Plumbing Notes and Tricks

Removing (glued) PVC fittings with a hot hole saw

Find a hole saw very close (though not always identical) to the internal diameter of the pipe glued into the fitting you wish to release it from.

  1. Heat the (unchucked) hole saw for a minute with a torch.
  2. Insert the hole saw backwards into the PVC tube for a minute. This usually heats up the glue enough to cause it to release.
  3. Remove hole saw and try to yank the tubing from the fitting. You may try also to grab the tubing using long-nose pliers and twist it around itself inside the fitting. If you got the tubing hot enough, it will be sufficiently soft and give way freely from the fitting.
  4. Once the original tubing is thoroughly and cleaning removed, you can reprime the fitting, reglue it and insert a new length of tubing.

This will almost certainly not work for ABS. Also, you will want to do this in a well ventilated room.

An alternative to the above would be to use a "dagger" hacksaw to cut the tubing into segments carefully to avoid cutting into the fittings glued surface, then using pliers to tear out the segments. This is frustrating and tedious.

A last method is very expensive. Purchase a cutter to mount on your drill (north of $60) that just fits inside the fitting and cuts (mills out) the tubing. Then reprime and reglue.

Water-hammer arrestor

Unlike air, water cannot be compressed. This fact makes it so that when water flow is shut off abruptly by an appliance, such as a washing machine, dishwasher, toilet or refrigerator ice-maker and water dispenser, the inertia of the flow hits the new obstruction (valve) and, having nowhere to go as well as not being compressable, it slams back against the water behind it. This is called "water hammer."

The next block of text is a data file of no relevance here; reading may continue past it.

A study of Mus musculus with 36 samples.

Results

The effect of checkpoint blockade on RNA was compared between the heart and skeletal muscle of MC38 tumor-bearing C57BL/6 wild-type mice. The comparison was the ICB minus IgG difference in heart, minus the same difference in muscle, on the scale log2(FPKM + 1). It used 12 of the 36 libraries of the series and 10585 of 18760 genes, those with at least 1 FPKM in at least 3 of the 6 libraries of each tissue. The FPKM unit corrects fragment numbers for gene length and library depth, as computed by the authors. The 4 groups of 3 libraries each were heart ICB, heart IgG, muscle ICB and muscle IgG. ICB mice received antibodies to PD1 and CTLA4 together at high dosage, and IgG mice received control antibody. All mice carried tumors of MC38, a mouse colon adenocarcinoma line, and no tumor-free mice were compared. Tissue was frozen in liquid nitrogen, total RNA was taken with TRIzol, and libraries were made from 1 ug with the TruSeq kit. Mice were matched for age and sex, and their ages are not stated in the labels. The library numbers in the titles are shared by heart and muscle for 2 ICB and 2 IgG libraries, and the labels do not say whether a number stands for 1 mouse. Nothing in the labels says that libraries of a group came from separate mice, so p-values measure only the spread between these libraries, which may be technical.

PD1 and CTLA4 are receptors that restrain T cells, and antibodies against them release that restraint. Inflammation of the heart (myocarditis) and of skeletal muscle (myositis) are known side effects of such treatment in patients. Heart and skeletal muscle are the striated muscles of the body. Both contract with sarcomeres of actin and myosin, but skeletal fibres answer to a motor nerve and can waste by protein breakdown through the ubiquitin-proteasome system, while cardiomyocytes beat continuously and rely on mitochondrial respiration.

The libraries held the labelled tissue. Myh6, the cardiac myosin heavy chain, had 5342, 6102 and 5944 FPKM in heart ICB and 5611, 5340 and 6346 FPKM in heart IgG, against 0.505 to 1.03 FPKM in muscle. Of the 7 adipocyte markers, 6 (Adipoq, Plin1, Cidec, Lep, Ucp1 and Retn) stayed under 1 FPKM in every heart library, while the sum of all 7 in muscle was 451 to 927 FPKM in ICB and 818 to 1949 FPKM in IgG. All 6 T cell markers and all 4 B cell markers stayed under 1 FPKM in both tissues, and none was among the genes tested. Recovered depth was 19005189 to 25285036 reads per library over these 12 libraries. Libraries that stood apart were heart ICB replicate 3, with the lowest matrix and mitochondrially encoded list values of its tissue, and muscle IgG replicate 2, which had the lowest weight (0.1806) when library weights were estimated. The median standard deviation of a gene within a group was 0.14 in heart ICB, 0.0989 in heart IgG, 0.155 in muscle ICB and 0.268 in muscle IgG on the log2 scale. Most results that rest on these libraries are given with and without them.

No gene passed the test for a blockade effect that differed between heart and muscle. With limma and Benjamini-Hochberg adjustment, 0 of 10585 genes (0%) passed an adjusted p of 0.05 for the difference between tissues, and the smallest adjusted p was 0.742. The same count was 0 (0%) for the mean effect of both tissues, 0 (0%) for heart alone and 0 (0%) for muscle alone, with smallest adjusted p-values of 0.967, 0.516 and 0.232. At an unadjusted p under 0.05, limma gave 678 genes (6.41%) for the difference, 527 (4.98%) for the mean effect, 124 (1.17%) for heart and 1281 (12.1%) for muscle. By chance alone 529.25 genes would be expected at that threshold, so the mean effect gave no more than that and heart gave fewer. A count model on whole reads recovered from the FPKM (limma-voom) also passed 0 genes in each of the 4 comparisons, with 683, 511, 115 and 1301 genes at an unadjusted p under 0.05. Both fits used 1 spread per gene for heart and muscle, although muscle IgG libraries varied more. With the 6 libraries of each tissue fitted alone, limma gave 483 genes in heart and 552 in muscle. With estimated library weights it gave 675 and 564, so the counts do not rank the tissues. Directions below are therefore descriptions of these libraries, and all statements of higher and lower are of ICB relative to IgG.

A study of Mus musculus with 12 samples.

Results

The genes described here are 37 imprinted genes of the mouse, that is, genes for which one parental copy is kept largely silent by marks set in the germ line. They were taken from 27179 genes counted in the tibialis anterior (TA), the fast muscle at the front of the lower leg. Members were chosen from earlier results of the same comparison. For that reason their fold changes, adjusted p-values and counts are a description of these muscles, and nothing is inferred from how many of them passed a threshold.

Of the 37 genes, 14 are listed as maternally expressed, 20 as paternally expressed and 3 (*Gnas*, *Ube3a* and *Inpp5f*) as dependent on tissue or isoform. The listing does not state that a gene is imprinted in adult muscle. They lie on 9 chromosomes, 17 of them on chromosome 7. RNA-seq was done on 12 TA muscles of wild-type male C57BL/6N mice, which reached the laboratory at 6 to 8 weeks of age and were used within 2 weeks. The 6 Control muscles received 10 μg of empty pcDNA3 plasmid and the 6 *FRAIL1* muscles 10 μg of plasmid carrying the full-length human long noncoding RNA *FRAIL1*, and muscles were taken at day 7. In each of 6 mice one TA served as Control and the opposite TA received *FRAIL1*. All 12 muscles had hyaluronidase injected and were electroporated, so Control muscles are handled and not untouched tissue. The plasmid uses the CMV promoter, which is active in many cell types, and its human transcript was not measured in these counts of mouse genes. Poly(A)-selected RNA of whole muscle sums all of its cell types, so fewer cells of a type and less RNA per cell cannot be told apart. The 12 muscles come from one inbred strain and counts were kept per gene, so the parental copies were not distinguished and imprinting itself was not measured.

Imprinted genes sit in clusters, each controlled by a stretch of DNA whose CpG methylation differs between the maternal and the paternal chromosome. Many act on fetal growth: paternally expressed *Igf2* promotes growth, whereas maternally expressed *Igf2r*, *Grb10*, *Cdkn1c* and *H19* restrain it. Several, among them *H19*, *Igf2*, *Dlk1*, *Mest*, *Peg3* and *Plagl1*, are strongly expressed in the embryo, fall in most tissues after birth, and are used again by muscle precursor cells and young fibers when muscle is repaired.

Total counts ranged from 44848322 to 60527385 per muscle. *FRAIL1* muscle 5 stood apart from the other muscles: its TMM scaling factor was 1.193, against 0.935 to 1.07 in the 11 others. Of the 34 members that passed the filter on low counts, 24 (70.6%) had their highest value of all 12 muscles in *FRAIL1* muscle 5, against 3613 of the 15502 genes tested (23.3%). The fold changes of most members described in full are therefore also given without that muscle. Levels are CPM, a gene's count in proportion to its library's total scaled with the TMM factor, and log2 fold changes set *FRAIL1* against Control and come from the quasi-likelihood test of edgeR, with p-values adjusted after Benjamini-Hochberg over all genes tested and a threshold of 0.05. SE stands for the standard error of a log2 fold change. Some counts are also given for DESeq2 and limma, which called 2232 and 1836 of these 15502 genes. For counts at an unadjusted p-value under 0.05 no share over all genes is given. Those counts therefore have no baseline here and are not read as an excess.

Slower action valves such as bathroom vanities, kitchen sinks, showers and tubs can reveal water hammer if they are used abruptly. Typically, these are turned a bit slower which reduces or eliminates water hammer.

Water hammering in your pipes will make vibrations in the walls where the pipes run sounding like anything from a light hum to someone running a jackhammer. This isn't a harmless phenomenon for it can loosen or break connections and fittings resulting in leaks.

The best solution is usually to install special devices, called arrestors, that separate off an air bubble inside pipes near appliance fittings. Unlike water, air can compress. Arrestors are built moreover with the ability to separate the air from the water's natural tendency to absorb the air into itself. In the old days of plumbing, plumbers installed funny little "pigtail dead-end" bits of pipe near valves to accomplish this, but the whole system had to be frequently drained and filled with air in order to replace the missing air after it dissolved into the water.

If you hear hammering when your toilet stops filling after a flush, installing an arrestor under your kitchen sink will not change anything. If you install it as close to the offending valve as possible, it will likely solve your problem.

Washing machine water-hammer arrestor

Older washing machines suffered from this problem too, but..., water-saver washing machines create worse problems still. When they start up, they fine-control the washer's behavior by turning the water on and off repeatedly. 15-20 times per load of wash has been observed on some washers. This puts a lot of stress and strain on the plumbing.

Note that even older machines created potential water hammer every time they did the initial fill, did the rinse fill, and spray-rinced the clothes during the spin cycle. New-fangled machines just do a lot more of this.

In the case of arrestor for washing machines, they are very easily installed since you unscrew the hose connections from the wall, connect them to the new arrestor, then connect the arrestor to the back of the washing machine.

Other, water-hammer arrestors

Other water-hammer arrestors range from challenging to easy to install. Each situation calles for what's usually sold as a special purpose water-hammer arrestor.


This involves shutting off water to the toilet, unscrewing the water line to it, mounting (the black-plastic connector of) the arrestor to (the bottom of) the toilet flush water inlet, then connecting the water line to (the other fitting on) the new arrestor.

Refrigerator ice maker and water dispenser

Shut off the water, cut the plastic or copper water line, install the new arrestor using its compression fittings. Do this as near to the refrigerator as is practical.